Nielsen’s pilot study of college viewing indicates that certain shows would see a bump in their audience levels. For November 2005 -- Nielsen’s latest data -- ratings for football would have risen by a full ratings point among college-aged (18-to-24) men, while among college-aged women ABC would have received a 0.6 rating bump for “Grey’s Anatomy,” while Fox’s “The O.C.” would have a ratings increase of 0.4. Nielsen estimates overall adult 18-to-24 viewing levels could increase between 3% and 12% and could result in a ratings increase of 0.2 to 1.0 for individual programs.
“These guys are killing themselves over a tenth of a ratings point,” said Patricia McDonough, senior VP-planning, policy and analysis at Nielsen, who helped orchestrate a two-year pilot study about college-aged male and female viewing patterns. “To me, the most surprising fact was that [the students] watch as much TV as any other 18- to 24-year-old.” During the 2004-05 school year, young adults watched 24.3 hours of TV per week. That group was from families who are already part of the Nielsen TV sample.
While the inclusion of new out-of-home ratings will be welcomed by media agencies and advertisers looking to better target elusive young adults, it adds yet another level of complexity (not to mention cost) to negotiations that once centered on a single set of numbers.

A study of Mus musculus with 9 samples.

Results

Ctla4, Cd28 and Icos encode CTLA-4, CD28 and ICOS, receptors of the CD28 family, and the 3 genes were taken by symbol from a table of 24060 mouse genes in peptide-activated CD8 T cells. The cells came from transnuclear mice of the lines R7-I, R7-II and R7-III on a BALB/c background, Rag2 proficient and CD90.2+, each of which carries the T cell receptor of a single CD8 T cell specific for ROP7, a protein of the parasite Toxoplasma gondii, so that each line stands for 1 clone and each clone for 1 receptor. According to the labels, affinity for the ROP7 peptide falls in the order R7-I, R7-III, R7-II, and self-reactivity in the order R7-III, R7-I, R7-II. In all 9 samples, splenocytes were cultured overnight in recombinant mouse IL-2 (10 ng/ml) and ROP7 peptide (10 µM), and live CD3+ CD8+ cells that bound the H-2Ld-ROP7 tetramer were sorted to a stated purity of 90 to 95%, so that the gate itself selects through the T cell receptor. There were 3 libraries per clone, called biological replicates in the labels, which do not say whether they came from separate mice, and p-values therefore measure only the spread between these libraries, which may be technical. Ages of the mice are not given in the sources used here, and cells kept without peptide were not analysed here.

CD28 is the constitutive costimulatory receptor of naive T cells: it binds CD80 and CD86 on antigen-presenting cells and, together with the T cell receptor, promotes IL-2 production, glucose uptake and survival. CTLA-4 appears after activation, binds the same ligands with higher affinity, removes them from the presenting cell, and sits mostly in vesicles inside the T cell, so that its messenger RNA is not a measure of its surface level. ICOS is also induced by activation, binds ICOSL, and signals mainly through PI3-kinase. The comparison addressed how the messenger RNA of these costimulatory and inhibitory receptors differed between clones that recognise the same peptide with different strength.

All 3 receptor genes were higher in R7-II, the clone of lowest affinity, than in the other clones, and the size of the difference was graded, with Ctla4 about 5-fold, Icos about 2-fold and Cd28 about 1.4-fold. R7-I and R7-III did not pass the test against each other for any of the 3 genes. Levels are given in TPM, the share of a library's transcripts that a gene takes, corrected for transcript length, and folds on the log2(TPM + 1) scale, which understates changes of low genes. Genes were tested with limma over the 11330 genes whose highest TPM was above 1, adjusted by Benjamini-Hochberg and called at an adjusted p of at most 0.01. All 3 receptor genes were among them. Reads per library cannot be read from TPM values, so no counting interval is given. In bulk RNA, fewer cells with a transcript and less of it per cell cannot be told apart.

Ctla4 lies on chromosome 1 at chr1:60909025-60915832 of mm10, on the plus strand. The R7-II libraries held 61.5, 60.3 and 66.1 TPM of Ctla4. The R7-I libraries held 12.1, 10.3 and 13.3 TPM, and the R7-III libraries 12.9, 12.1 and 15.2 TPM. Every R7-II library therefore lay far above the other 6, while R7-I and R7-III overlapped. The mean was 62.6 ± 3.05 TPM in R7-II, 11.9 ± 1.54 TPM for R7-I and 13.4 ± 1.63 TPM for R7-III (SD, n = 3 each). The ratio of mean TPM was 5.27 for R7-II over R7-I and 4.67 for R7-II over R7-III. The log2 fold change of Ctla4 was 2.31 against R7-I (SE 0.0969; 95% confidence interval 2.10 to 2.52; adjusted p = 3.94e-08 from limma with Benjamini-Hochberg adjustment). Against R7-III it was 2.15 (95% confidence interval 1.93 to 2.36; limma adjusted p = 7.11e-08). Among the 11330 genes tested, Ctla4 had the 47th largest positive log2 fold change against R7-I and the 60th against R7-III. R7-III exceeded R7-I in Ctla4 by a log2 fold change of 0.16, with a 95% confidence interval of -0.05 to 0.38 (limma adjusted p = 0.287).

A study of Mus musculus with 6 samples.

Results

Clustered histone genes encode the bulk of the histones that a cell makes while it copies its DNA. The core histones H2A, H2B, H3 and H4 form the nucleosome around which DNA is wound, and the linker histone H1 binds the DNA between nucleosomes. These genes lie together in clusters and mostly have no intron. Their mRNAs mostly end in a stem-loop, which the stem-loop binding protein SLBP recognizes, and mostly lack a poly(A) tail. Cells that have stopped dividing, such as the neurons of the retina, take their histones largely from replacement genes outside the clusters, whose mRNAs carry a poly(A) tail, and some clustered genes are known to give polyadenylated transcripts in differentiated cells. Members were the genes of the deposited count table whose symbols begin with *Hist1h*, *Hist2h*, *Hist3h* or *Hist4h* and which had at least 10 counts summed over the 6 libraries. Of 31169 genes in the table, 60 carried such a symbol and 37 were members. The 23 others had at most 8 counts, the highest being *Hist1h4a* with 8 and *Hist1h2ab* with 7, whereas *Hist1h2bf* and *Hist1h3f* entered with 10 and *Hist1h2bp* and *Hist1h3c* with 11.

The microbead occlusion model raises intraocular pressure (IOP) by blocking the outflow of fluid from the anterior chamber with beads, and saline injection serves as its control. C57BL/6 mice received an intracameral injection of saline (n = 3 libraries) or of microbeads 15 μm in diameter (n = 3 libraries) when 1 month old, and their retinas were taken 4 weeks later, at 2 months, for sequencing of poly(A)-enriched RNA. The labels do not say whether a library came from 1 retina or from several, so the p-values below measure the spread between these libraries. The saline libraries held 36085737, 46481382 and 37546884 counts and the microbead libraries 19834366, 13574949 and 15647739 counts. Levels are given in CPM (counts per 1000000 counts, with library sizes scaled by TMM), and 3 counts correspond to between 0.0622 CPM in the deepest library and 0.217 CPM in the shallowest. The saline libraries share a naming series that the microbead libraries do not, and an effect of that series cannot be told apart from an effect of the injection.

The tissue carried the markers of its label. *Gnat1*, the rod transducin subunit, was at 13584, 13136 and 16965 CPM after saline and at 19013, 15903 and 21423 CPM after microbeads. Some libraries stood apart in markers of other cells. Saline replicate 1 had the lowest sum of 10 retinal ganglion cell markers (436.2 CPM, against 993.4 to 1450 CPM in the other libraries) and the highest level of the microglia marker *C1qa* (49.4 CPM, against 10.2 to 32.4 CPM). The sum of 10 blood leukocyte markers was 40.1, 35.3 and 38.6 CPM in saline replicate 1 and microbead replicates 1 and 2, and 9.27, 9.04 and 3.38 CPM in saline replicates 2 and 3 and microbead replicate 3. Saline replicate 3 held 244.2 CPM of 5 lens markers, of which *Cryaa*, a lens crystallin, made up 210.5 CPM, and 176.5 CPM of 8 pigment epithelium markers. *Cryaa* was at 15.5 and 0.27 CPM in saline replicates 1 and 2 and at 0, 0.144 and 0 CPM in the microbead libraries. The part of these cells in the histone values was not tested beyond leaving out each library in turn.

Flood of research
Agencies admit they are in danger of drowning under a flood of research. Buyers are grappling with the value of viewers watching shows via digital video recorders such as TiVo. Nielsen began providing data about DVR playback in December, as networks argued these viewers have been undercounted until now. Agencies say viewers are more likely to skip commercials using DVRs and therefore they shouldn’t have to pay for additional rating points.
“College viewing, coupled with DVR ratings, and the arrival of the CW will be a whole new set of headaches for us,” said one senior agency research chief. The CW, a new broadcast network formed from the merger of UPN and the WB, will target young adults and will is headed to market this upfront ad-selling season.
In a statement released by Nielsen yesterday, Jack Wakshlag, chief research officer at Turner Broadcasting, said, “Extended home is an important step toward a more complete accounting of exposure.”